2.1.1 • Public • Published


A simple JavaScript client & server binary-encoded websocket communication system aimed towards web video games development.


  • 🔌 Server / Client duo, for node and the browser, that handle Websocket connection and communication.
  • ⚡️ Handle the binary encoding and decoding of your data, with performances in mind.
  • 📢 Listen for event dispatched over websocket with simple on/off event emitter system.
  • 💬 Fallback to JSON for easy debugging.


  • Node >= v8.0.0


npm add netcode

Get started

Define a list of events

The server and the client must share the same events. An event is defined by its unique name and the corresponding codec, responsible for encoding and decoding the data.

// events.js
import Int8Codec from 'netcode/src/encoder/codec/Int8Codec';
import StringCodec from 'netcode/src/encoder/codec/StringCodec';

export default [
	['id', new Int8Codec()],
	['say', new StringCodec()],

In this example, the event list define how to send the following events over websocket:

  • client.send('id', 255);
  • client.send('say', 'Hello world!');

Then you'll be able to listen to this events on the client as follow:

  • client.on('id', id => { /* Do something */ });
  • client.on('say', sentence => { /* Do something */ });

Now let's create a server and an client that use this event list.

Setup a Server

We setup a server specifying the port and host on which the server will listen and the type of encoder to use. Here we use a BinaryEncoder to communicate in binary over websocket, with the previously configured event list.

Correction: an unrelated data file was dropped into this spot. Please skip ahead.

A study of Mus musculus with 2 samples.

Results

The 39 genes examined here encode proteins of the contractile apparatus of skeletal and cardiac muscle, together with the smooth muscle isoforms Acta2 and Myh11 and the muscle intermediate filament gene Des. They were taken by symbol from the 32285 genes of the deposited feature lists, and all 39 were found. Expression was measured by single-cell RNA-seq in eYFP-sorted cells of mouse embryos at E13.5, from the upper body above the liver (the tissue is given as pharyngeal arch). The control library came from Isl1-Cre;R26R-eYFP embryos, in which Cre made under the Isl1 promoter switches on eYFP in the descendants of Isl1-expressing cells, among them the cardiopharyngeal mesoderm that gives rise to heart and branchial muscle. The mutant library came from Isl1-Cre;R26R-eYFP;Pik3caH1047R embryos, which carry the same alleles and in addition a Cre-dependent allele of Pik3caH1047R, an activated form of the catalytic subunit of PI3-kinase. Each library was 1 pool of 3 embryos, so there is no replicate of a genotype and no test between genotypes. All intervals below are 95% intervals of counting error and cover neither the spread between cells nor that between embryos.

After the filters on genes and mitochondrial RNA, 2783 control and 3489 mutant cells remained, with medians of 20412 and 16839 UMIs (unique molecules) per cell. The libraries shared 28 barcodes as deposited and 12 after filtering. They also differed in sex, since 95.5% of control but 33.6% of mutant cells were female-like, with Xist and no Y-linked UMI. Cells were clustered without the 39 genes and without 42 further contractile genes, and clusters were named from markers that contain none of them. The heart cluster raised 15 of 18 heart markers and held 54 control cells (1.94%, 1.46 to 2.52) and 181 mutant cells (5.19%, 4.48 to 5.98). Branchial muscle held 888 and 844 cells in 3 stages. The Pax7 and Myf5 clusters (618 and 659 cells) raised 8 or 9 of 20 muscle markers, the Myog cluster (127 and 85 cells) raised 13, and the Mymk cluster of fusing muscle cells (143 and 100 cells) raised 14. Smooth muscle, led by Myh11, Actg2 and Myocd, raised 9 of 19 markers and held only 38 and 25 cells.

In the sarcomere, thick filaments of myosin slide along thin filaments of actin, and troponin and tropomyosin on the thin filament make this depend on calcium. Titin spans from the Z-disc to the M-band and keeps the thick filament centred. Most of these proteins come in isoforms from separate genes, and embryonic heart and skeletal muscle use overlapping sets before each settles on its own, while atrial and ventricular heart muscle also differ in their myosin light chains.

import Server from 'netcode/src/server/Server';
import BinaryEncoder from 'netcode/src/encoder/BinaryEncoder';
import events from './events';

// Listen on localhost:8080
const server = new Server(8080, 'localhost', new BinaryEncoder(events));

server.on('client:join', client => {
	client.on('say', sentence => console.log(sentence));

Now we've got a server running at localhost:8080 that listen for a say text event and send a id integer event to every client that connects.

See an full example of server setup.

Write a Client

Now we write a client, for the browser, that connects to our running server on ws://localhost:8080 and use a BinaryEncoder with the same event list as the server.

import Client from 'netcode/src/client/Client';
import BinaryEncoder from 'netcode/src/encoder/BinaryEncoder';
import events from './events';

const client = new Client('ws://localhost:8080', new BinaryEncoder(events))

client.on('open', () => {
	client.on('id', id => console.log(`My id is ${id}.`));
	client.send('say', 'Hello world!');

Now we've got client that listen for the id event and sent a sentence in a say event.

Connection is alive and well!

See an full example of client setup.

Complete documentation

To go further, see in-depth documentation and how-to's.